Eubank Jnr v Groves – Style v Substance?

We have a truly meaningful super-middleweight fight on Saturday as the popular George Groves takes on the self-anointed arch-villain Chris Eubank Jnr in the World Boxing Super Series Semi Final.  ITV PPV broadcast this 12 rounder and for a change, it probably will be worth shelling out your hard earned cash on this one.

Eubank Jnr is fashionable; it is ‘fashionable’ to pick him to win; the pundits, I suspect, will look at the name, the record and pick the ‘fashionable’ guy.  Handsome, with an unshakeable self-belief (much like his father), despite not having proven himself at the highest level yet, Eubank Jnr is utterly convinced that he is on an unstoppable path to boxing immortality.  GGG, never mind Groves, are doomed to fall before him; never mind that he has already fallen short at the hands of Billy Joe Saunders – it is as if that fight never happened.

Camera shy – the Eubanks can never be accused of turning down a media opportunity

Yet in truth it is very hard to split these two; Groves the experienced and high quality performer who is always there or thereabouts, versus Eubank who people can see is talented and presume will improve, but still has questions to answer.

Groves 27-3 (20) has answered all the questions that have been asked of him in a long amateur and pro career, and we know what he is about.  Rarely in an easy fight, Groves has done things the hard way.  Possessed of fine boxing skills and power that were enough to edge future 168lb king James DeGale in 2011, he came up short twice against Carl Froch despite holding his own for long periods in both fights.

The 2015 split decision loss to Badou Jack looks pretty good in hindsight given what Jack did with DeGale and, while I thought he did lose the fight, he showed he belongs at that level and can take big shots.  Murray and Gutknecht were below that level – I found it interesting that Murray feels that Groves hits harder than GGG; then came the challenge to Chudinov.  I thought Grove was in danger of getting tired out but he found a way to win.  

The semi-final of this WBSS tournament pitched him against blown up light middle Jamie Cox; Groves had some moments of difficulty with the speedy left hander Cox, but generally dealt well (he is fast himself for a 168lber) before reminding us of his one punch power in the 4th round.  Stylistically of course, Cox is somewhat different from Eubank, being a left hander.  Cox looked to set a fast pace to expose suspicions of Groves’ stamina and that is what many try to do, but Eubank doesn’t apply pressure in the same way.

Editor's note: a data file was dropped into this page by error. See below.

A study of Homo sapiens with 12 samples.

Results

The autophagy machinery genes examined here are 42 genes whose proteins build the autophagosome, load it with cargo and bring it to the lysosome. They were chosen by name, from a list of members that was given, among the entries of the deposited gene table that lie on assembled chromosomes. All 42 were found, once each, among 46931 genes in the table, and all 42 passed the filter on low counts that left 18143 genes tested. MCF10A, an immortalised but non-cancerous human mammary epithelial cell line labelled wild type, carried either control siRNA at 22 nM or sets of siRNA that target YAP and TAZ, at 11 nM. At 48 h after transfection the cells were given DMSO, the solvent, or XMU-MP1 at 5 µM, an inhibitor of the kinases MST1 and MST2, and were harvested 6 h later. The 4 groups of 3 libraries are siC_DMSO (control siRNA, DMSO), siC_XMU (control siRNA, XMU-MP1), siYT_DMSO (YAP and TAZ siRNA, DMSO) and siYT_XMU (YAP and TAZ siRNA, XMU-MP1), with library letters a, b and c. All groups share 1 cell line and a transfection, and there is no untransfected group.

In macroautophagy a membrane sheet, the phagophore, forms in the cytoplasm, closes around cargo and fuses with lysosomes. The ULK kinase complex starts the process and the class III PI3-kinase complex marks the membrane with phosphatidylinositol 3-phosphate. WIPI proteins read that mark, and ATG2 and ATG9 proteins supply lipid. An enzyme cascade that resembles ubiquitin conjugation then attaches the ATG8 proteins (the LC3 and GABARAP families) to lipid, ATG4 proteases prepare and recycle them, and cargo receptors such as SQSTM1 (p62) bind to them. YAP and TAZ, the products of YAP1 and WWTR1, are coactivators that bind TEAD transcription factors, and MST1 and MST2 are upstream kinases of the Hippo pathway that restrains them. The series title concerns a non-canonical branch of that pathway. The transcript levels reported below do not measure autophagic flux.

Groves has come a long way since his 2011 win over arch-rival James DeGale

The change to Shane McGuigan seems to have done the 29 year old some good, and while he isn’t improving in the way we might expect of Eubank, the form is in the book – his vast experience of all shapes and sizes will make him very hard to beat.  And he has that one punch power as well.

Eubank, 26-1 (20), is as enigmatic as his dad was, and as well matched too.  There is an obvious gap in the quality of opponent that Eubank has faced as opposed to Groves en route to this point in their careers, and the same was said of his father.  They are taking the path of least resistance.  That’s not to say that Eubank Jr can’t step up, and indeed it looks like he might, but we just don’t know yet.  

Thus far, Eubank has only put the one foot wrong, by having his father direct the shambolic corner in his 2014 SD loss to Saunders, a result that in hindsight does not look too bad as he was dominant towards the end of the bout.  However, Eubank was completely outboxed for the first 5 rounds at least, and left himself too much to do.  The lack of experience was certainly a factor then, and it may continue to be now.

Since the Saunders loss, Eubank hasn’t looked back.  Firstly seeing off tough domestic challenges at 160 – perhaps the best being Spike O’Sullivan – followed by a couple of facile wins over overmatched Reynold Quinlan and a past it Arthur Abraham.  Quinlan had beaten a beyond shot Daniel Geale, while everyone knew the tactics to beat the ageing Abraham.  In the semi-final, Eubank overpowered an unknown in Avni Yildrim.  All of which leaves him with plenty to prove – which we assume he can – in order to match the obvious potential.  The lack of variety we see in Eubank may be problematic; yes, great uppercuts inside but not much else when he’s there.  The ‘old pro’ stuff has yet to be learnt.

On the plus side, Eubank Jnr has had it hard, much like his dad, going to the tough gyms of New York, sparring hardened pros (including Groves) and getting the experience that he didn’t have in the amateurs.  We have seen him wobbled only once (against O’Sullivan) whereas Groves has been down a couple of times (and knocked out once).  There could well be a lot more to come from Eubank, whereas we know Groves has reached his level, high though it is.

Style wise I think this may be less explosive than some think.  Groves likes to box carefully behind a long jab to set up his power shots; Eubank likes to move around on the back foot throwing sharp bursts.  These two styles may cancel each other out somewhat and make it a hard to score fight.  But it is a compelling matchup, and one that will divide supporters in a way that Eubank Jnrs’ father used to in his epic battles with Watson and Benn.  We will know if Jnr has the same DNA as his father when the bell rings on Saturday.